Mayor John Suthers makes his case for stormwater fees at a forum Oct. 17. John Hazlehurst, right, with the Colorado Springs Business Journal, emceed the evening.
UPDATE: Anthony Carlson, who's working on the "vote yes" campaign for the Colorado Springs School District 11 issue, just notified us of what he says were inaccuracies stated at the forum.
Here is his email in full:
Doug [Bruce] was pretty adamant about only presenting the "facts" last night, but one key fact he got wrong was what District 11 asked for in 2016.
Last year D-11 asked for a 32.6 million dollar mill levy, which would've phased in over 6 years and become more expensive for tax payers over time.
Additionally, last year the District had a 235 million dollar bond on the ballot which would have raised taxes by 15.5 million dollar annually.
In 2016 the District asked for a 48.1 million dollar increase.
This year the District is asking for a 42 million dollar mill levy, which will not phase in. However, due to the debt reduction mechanism in the ballot language will become cheaper for tax payers over time. For a home of [$]200,000 it will be about $14 a month in 2018, but for that same home will only be $6 a month by 2022.
The District's proposal for the 2017 mill is 6 million dollars less than the proposals put on the ballot in 2016.
I've attached the TABOR notice from last year to dispute Doug's claim.
——ORIGINAL POST 10:56 A.M. WEDNESDAY, OCT. 18, 2017——————————-
Douglas Bruce, the father of tax limitation in Colorado, got a taste of his own medicine on the evening of Tuesday, Oct. 17. Bruce was at the Leadership Pikes Peak forum on two ballot issues, which was held at the MCI/Verizon building on Garden of the Gods Road.
Before launching into his opposition argument to Colorado Springs School District 11's proposed mill levy override, known as 3E on the ballot, Bruce tried to correct something Mayor John Suthers had said moments before. Suthers was arguing in favor of the city's stormwater fee proposal, which would impose fees of $5 per household and $30 per acre for developed property. The fees would raise $17 million a year starting July 1, 2018, if approved, and fund 71 drainage projects across the city.
In his parting shot, Suthers had reminded the roughly 60 people who attended that Colorado Springs' property taxes are among the lowest of any city in the state.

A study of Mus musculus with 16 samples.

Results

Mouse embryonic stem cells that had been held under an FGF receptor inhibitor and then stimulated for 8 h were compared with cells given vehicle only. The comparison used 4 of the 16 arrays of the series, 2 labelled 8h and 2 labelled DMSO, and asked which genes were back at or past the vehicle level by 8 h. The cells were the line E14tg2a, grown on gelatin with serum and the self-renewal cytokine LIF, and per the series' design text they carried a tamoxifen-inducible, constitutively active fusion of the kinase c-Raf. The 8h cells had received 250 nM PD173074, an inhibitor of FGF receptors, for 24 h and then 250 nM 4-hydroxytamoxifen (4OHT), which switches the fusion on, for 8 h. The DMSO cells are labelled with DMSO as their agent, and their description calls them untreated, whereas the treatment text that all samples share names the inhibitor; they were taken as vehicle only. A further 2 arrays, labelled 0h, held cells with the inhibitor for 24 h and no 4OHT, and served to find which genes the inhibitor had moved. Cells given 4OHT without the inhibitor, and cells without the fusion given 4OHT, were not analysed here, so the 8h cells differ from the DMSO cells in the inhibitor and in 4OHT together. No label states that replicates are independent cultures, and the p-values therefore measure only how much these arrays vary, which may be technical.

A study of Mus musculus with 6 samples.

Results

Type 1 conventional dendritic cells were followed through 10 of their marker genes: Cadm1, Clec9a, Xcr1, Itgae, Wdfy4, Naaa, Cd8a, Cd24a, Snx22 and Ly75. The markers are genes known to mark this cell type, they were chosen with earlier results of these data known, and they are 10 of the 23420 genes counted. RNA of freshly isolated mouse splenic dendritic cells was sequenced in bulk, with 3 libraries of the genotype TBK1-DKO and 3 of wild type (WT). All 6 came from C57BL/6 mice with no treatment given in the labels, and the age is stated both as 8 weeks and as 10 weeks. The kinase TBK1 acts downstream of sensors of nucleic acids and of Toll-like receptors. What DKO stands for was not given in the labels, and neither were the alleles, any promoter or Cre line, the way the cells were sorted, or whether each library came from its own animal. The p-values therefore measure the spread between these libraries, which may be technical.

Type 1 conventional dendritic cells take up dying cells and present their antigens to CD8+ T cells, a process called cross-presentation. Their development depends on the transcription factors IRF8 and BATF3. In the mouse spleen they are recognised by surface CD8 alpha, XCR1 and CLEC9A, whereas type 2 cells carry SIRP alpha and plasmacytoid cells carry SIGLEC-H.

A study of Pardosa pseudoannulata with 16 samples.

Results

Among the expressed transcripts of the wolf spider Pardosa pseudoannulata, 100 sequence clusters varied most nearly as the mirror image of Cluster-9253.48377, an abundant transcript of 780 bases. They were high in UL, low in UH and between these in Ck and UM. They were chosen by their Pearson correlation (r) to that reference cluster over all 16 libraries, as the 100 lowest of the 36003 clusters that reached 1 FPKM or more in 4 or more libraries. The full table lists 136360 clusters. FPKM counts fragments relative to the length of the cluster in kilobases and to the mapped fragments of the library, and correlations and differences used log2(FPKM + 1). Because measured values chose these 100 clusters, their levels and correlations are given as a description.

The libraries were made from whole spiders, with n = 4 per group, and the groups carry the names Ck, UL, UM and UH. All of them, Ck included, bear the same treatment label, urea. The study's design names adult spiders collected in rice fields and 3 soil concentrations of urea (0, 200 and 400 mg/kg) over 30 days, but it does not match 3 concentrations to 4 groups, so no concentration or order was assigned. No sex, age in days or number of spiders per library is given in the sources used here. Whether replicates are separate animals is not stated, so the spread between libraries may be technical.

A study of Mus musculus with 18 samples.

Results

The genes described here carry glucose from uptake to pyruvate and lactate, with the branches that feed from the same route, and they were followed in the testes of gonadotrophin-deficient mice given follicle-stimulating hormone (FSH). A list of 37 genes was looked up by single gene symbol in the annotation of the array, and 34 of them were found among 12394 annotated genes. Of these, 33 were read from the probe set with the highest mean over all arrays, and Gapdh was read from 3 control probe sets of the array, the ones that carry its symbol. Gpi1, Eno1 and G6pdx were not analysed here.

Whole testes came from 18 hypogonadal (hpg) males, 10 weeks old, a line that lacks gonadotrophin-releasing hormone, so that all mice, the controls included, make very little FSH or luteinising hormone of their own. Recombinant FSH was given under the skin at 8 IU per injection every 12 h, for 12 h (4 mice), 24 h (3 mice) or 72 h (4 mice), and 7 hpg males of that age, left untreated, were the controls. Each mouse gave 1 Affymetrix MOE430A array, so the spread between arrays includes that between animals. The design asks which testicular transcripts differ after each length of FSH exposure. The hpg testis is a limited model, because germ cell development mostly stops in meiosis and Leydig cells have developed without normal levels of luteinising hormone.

Laura Carno argued against stormwater fees, saying people are tapped out.
Bruce said Suthers was wrong, that Colorado Springs actually has the highest sales tax rate in the state, at 8.25 percent. But a member of the audience quickly called Bruce on that, saying Suthers hadn't made a claim about sales tax. Bruce disputed that but was interrupted by a man in the audience, who blurted out, "You're undermining your own credibility."
A few sentences later, when Bruce claimed the D-11 measure was triple the size of its $15 million measure on the 2016 ballot, a woman in the crowd interjected, "That's not correct. It's $42 million."
To which Bruce replied, "I realize I have a hostile audience."
It's unclear if that was true. The only measure of voter sentiment that counts will come on Nov. 7.
Suthers hopes Election Day will bring a victory for the stormwater fee, which he says is sorely needed so that the $17 million a year now spent on stormwater will be freed up to fund the city's other "critical" needs, including 100 to 125 more police officers.
He also said passage of the measure, which would levy fees for 20 years, would help the city get out from under a lawsuit filed by the EPA alleging violations of the Clean Water Act, due largely to the city's neglected stormwater system.
"I have had discussions with the EPA," he said. "If we can go to them and show we have a dedicated revenue stream for stormwater, the chances of resolving the case are very good."
But Laura Carno, a political activist who champions conservative causees, called the fees inequitable, because a person living in an apartment will pay the same $5 a month that a person living in a mansion will pay.
Lastly, she noted that some property owners in the city who own undeveloped land might pay nothing. "City Council member Jill Gaebler says nobody should get a pass, and I agree with Gaebler."
On the D-11 issue, advocate Lauren Hug said D-11 hasn't had a tax increase since 2000. To drive home how long that is, she asked the audience to consider all the technological changes that have happened since then, including the smart phone's advancement.
"D-11 needs money to provide 21st century education," she says, adding that many D-11 buildings are 50 years old and older. She also noted teachers need raises, or D-11 risks losing them to other districts or states, in light of the nationwide teacher shortage.
Hug also urged voters to support the measure to assure their property values don't plunge and to invest in making the city attractive for economic development.
But Bruce took issue, saying, "This isn't an investment, because you never get your money back." He also said D-11's enrollment is stagnant and there's no need for additional money.